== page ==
Die Another Day
by Chad Van Wagner
Thank God Eon Productions (the production company run by the Broccolis and their kin) realized Bond needed a makeover. With the introduction of Pierce Brosnan as the inimitable Mr. Bond, the sagging 007 series received a much-needed kick in the ass. Goldeneye, the first film with the second-best ever Bond (no one will ever top Connery, of course) was every bit as energetic and charged as the previous decade or so's worth of Bond films was flabby and self-parodying. But the follow ups, Tomorrow Never Dies and The World Is Not Enough, showed the franchise slipping into uncertainty and imitation, all action and no suave.
To say Die Another Day puts the series back where it belongs is a huge understatement. As I said in an Ain't It Cool review during its theatrical release, Die Another Day is the best Bond film since Goldfinger, and arguably the first Bond film in decades that re-create the legend from the ground up, rather than relying on past glories to carry the audience through the complex bits. It's also the closest any Bond film has gotten to the novels. All of this translates into an example of the increasingly rare species known as the worthwhile Hollywood movie.
Brosnan, of course, is Bond, but in the first reel, both he and screenwriters Neal Purvis and Robert Wade show us what the series has never dared: A tortured, ruffled, and possibly beaten 007. This makes his inevitable ascendancy back to superhero status that much more believable, and even though the following plot is quite literally cobbled together from past Bond films, it hardly matters. We've seen Bond scared, and that makes all the difference.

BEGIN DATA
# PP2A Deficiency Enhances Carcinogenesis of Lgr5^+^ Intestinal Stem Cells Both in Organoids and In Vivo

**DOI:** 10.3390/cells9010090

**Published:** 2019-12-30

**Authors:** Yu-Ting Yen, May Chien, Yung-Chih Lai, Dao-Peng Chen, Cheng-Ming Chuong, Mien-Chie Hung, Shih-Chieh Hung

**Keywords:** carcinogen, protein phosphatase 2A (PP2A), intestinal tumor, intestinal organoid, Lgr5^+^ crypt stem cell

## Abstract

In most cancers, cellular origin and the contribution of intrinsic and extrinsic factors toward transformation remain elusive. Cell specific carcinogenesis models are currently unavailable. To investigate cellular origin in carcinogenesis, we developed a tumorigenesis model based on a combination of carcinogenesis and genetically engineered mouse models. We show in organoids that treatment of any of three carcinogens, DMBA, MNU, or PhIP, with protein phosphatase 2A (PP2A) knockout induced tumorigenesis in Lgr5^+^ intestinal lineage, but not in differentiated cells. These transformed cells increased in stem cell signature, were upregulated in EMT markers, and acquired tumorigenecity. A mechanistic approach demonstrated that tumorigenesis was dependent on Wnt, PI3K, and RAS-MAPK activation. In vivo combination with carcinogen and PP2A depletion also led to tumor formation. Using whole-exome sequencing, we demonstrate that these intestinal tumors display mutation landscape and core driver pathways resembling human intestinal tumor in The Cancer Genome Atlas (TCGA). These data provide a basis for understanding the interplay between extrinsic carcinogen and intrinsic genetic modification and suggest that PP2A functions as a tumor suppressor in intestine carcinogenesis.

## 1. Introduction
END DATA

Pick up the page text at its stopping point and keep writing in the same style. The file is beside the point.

The DVD is a typical orgy of extra features overkill. The "Special Edition" (are there plain editions?) is a two-disc monstrosity, featuring no fewer that three "making of" documentaries, among other (by now compulsory) odds and ends, including the music video for the cowflop of a title song Madonna concocted. There's also a Pop Up Video style extra that allows you to watch the film while bits of relevant information zip by. There's probably more info on this one movie than on the past twenty Takeishi Miike films combined, but at least you can skip what you don't want to watch.
Usually. For if there's one serious criticism to be leveled at this package, it's the fact that after you put the disc in the player, your machine is effectively hijacked for two or three minutes while MGM tries to sell you more DVDs. Nothing short of manually powering off the unit will make it stop. Nothing like paying to have more stuff sold to you. Great movie, but let's hope the forced advertisements are a short-lived quirk from a hard-up studio.